If I've learned anything from sex scandals, it's that texting somebody you're hoping to sleep with can be dangerous.

Especially if you're married. Or famous.

But this isn't about dumb Tiger Woods. This is about the rest of us, and those normal, baby-step texts surrounding a first date that can often go horribly awry. Before, you'd just get a girl's number, and if it was real, you'd set up a date with her and see her then. But now we have texting/IMing/emailing and, good lord, Facebooking each other. There are so many opportunities to be misunderstood!

These days, if you're going on a date with someone new, chances are you've "talked" to this person electronically before you even get to make awkward conversation about your "crazy" work week over salmon croquettes and the second least expensive bottle of wine on the menu (can't look completely cheap!).

But I implore you: stop. Don't text me, IM me, Gchat me or -- heaven forbid -- Facebook me after we've established our first-date time and place.

Let me explain.

It dawned on me recently on a particularly silent first date, while chewing a mouthful of appetizer, that I'd already been on a first date with this girl. Not literally, of course -- just without the rubbery calamari. She and I had emailed about a half dozen times, swapped multiple texts and, in a moment of weakness, exchanged a minor flurry of G-chats.

It's not that I had nothing left to say to her -- just nothing within the realm of easy, first-date rapport. Have you ever done this? Just blazed through all the simple biographical stuff before your first meeting, only to be left on your first date staring holes into a breadbasket?

Texts -- the 'Spoiler Alert' of Sexual Tension
Let me propose something radical here -- I say we stop with the incessant emailing, IMing, texting and Facebooking (more on this in a sec) before we actually know each other. A simple, quick phone call establishing the logistics of the date is best. But no one likes phone calls anymore! God forbid you call someone and leave a voicemail! You might as well heave a bag of caramelized rat feces through their bedroom window. (To be fair, I haven't actually called a woman before a first date since everyone was using flip-phones and wearing bootcut jeans, but I'm going back to it.)

The first date is supposed to be an adventure, right? There should be a bit of improv, and the emotional highs and lows that come with finding out that somebody is allergic to fennel, or that they also love "Ghostbusters II." I want the chance to charm my way back into your good graces after I casually comment that Ivy League schools are asshat factories only to find out you went to Princeton.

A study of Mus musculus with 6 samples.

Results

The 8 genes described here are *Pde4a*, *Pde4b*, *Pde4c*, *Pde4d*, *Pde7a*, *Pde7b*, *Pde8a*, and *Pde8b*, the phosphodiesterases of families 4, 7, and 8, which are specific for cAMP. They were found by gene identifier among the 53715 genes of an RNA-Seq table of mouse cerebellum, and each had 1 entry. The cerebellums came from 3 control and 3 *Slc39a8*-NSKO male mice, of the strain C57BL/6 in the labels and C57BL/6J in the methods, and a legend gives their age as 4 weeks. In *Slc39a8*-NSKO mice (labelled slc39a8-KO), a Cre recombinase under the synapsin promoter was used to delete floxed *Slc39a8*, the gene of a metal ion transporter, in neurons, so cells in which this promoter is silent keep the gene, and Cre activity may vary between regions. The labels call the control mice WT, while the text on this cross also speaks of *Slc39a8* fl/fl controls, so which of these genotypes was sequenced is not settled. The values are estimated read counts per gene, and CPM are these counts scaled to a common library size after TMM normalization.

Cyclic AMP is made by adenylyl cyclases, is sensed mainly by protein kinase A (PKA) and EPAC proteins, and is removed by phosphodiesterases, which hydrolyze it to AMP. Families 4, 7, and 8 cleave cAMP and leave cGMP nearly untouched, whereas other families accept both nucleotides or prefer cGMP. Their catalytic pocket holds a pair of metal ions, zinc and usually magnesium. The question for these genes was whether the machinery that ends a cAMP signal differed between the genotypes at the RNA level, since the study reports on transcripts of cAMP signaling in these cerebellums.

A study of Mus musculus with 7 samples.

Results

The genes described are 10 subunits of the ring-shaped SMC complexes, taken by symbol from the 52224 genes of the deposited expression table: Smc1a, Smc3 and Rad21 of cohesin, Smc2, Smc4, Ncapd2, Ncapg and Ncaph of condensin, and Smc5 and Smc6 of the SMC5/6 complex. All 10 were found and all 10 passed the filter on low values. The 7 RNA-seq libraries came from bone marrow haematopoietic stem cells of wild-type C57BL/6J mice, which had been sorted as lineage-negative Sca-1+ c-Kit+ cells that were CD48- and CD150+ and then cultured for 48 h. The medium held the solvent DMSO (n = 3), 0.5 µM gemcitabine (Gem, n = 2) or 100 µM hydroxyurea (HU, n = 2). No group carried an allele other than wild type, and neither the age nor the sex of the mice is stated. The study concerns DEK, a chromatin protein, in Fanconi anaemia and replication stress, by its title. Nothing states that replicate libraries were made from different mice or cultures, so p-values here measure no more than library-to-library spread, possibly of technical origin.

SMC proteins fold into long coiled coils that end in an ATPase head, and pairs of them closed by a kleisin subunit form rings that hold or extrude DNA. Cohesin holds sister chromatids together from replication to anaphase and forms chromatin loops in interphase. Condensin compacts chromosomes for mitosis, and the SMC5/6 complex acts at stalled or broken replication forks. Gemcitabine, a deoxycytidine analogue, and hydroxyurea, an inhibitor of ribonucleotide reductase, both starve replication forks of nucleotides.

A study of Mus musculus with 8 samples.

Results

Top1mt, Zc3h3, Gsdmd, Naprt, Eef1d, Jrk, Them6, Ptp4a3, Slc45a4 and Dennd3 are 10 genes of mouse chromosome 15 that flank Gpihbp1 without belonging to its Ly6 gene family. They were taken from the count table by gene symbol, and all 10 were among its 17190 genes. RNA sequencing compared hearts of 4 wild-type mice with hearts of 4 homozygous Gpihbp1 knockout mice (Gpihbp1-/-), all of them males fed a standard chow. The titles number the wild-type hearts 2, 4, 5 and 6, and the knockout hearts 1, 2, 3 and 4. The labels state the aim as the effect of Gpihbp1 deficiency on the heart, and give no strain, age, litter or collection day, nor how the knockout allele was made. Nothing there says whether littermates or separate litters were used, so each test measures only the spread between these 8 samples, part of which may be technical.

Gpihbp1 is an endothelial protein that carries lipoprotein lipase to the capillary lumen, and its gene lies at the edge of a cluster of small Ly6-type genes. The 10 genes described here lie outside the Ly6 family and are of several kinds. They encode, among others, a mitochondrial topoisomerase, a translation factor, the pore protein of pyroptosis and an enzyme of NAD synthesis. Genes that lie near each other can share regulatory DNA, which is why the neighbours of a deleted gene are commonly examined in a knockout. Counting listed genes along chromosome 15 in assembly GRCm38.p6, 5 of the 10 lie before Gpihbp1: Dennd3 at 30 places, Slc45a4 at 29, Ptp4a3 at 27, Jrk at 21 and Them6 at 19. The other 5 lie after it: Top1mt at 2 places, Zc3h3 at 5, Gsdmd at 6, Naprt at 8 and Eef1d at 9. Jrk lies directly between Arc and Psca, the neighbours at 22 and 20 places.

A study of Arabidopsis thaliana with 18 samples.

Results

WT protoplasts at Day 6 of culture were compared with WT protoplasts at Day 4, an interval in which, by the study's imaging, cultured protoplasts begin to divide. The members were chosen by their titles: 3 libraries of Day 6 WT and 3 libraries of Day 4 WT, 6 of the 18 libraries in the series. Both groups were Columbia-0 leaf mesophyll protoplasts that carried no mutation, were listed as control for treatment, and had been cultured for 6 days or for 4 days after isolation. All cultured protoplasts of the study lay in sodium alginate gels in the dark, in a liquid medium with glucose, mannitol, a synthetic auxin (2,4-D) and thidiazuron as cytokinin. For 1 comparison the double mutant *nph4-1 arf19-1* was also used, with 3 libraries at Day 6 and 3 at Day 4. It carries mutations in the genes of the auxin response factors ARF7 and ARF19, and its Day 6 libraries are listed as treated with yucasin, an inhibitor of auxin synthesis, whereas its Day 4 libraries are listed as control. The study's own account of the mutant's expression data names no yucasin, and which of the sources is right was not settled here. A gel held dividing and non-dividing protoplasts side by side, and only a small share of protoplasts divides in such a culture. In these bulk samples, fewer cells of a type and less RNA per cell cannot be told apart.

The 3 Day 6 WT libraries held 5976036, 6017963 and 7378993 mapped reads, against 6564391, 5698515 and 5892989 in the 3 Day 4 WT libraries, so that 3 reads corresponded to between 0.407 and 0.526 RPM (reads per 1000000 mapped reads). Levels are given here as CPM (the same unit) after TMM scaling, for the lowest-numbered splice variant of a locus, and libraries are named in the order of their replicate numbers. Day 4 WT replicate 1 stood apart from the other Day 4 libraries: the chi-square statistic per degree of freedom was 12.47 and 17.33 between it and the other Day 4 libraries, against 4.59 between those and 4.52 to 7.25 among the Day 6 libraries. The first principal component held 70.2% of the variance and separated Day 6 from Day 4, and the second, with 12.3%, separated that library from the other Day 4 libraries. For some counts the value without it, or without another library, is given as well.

Isn't half the fun the blind grope for commonalities and the strange conversational wormholes that form from a piece of surprising information ("Your dad's a Southern Baptist and a GLAAD member? INTERESTING! Why don't you tell me more about it!")?

Pre-date texts can be exciting, in that they're often short, sweet and a little bit of courtship. But too many faceless communiqués dampens the potential intrigue and sets a dangerous precedent. Also, it's difficult to know when to stop. Who wants to be the last person to send a text, especially if you took a flier with a fart joke? There's nothing worse than hitting 'send' and enduring nothing but hours of silence after. (Cue countless women writing me telling me no Real Man would send a fart joke. Um, you're probably right.)

I Don't Want to Be Your Facebook Friend
Facebook may be the biggest minefield of all. Even though I don't communicate a lot through Facebook, my social networking presence is still a random compendium of information about me, including embarrassing "tagged" photos of yours truly holding over-large cocktails. It isn't so much a comprehensive representation of who I actually am than proof that my friends take too many pictures. If you're a potential date and are cruising my page, you may take the photo from that one time I wore a sombrero as cause for concern that I have a closet full of coordinating ponchos.

What do you do if your prospective date friend requests you? Stall. Unless you manage your Facebook page with German precision, I highly advise waiting a bit until you let someone into the wild world of your Thanksgiving 2009 photo album.

Tell me if I'm being a Luddite about all of this. I agree -- there's something moderately relieving about getting a bit of banter going and determining that you actually have things in common before that first date. But I think there is a limit to the amount of info you want before you actually face someone, and I think that limit is low.

The first date isn't supposed to be easy -- it's supposed to a little mysterious and totally nerve-wracking. The heady brew of the unknown can be all-too-easily diluted by electronic, low-risk conversation beforehand. Correct me if I'm wrong, but I think those innocent texts, emails, IMs and Facebooks have the potential to turn a scary, sexy, high-value risk into a contest of who can chew the quietest.

[Redacted] writes for Lemondrop when he's not breaking fragile hearts and avoiding Victorian diseases all over the Eastern seaboard. You can send him hate mail and love letters here.